EU Officials Encounter Obstacles In Fighting Terrorism
October 24, 2001
The open borders around the European Union's 15 countries allow terrorists to move around the Continent with ease. But police and law-enforcement officials in those 15 jurisdictions are hampered in their efforts to cooperate by those very same borders.
While there is some cooperation among the police forces and magistrates of different European countries, it tends to be based on personal relationships rather than established protocols. Since criminal justice is a national issue in Europe, countries have different laws, different sentences and different definitions of offenses as well as differing cultural attitudes toward crime.
- Terrorism, for example, is specifically recognized as an offense or an aggravating circumstance in just six EU nations.
- Most countries refuse to extradite their own citizens and won't hand over foreign nationals charged with an offense that doesn't correspond precisely to their own criminal codes.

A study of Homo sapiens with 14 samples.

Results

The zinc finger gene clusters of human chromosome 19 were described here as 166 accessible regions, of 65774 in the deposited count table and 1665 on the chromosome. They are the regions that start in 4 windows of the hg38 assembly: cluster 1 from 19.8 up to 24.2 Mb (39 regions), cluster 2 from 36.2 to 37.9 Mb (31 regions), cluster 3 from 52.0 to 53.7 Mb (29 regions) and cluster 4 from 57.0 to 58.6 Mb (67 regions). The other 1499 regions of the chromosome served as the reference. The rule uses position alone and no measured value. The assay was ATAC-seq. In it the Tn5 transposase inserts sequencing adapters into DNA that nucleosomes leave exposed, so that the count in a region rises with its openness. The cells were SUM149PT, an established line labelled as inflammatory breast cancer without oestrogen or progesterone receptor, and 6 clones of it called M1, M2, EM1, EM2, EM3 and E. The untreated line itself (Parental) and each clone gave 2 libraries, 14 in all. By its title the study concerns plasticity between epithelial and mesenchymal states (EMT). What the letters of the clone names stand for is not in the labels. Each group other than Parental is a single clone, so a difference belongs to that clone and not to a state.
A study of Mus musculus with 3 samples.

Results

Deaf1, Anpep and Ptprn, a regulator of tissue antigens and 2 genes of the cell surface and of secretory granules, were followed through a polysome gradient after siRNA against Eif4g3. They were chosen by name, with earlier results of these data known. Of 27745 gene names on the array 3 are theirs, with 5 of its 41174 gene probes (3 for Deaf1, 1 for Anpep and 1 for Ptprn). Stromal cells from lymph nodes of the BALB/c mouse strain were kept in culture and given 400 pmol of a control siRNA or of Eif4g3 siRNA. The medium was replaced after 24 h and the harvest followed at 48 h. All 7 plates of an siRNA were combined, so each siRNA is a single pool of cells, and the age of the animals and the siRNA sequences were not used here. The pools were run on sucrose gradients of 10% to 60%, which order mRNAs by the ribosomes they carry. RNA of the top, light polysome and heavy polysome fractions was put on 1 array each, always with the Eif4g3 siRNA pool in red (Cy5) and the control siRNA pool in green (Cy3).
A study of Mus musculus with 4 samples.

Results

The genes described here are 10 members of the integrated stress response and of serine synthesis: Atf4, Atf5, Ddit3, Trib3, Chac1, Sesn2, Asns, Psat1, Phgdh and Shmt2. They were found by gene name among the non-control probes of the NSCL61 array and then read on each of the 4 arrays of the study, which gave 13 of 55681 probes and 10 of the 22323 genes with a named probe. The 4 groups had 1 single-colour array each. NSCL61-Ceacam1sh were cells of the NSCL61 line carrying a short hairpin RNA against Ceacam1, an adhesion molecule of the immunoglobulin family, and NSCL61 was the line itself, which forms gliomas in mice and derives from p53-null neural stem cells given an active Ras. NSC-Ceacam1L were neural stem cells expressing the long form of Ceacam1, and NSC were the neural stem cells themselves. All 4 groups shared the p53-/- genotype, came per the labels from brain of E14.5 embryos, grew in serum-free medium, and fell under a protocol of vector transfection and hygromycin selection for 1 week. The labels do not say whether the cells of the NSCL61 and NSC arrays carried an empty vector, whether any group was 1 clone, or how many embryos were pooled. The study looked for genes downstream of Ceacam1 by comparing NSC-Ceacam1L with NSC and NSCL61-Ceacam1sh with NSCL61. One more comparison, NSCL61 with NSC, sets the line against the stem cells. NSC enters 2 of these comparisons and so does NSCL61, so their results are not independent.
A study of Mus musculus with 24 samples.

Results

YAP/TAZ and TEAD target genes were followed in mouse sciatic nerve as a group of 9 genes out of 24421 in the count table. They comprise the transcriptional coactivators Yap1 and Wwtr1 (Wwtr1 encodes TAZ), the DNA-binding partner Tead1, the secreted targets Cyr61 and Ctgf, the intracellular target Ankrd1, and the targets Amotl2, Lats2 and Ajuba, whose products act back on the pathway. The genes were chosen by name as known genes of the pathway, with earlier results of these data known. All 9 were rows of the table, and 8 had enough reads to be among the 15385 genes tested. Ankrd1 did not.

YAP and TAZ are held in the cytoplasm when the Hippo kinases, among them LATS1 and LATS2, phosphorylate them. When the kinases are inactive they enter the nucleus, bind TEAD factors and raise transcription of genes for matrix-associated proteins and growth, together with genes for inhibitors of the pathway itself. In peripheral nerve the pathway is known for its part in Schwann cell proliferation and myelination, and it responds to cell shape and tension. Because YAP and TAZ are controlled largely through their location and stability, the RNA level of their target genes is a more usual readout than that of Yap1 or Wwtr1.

- Experts say the result is a crumbling, leaky system that may be one reason why Europe has become a haven for terror groups.
- Investigations are sometimes jeopardized by petty infighting between officials in various countries.
But all that may be about to change.
The attacks on the U.S. have had the effect of galvanizing efforts to increase judicial cooperation. Plans are afoot to create a European arrest warrant -- which would replace extradition.
If law-enforcement officials in, say, Italy were hunting a terrorism suspect believed to be in Belgium, they would issue a European warrant. Then Belgium police would be required to arrest that person and hand him over in a set period, according to proposals worked out by the EU's executive commission.
Source: Peter Gumbel, "Foiled Strasbourg Plot Underscores Obstacles to Fighting Terrorism," Wall Street Journal, October 24, 2001.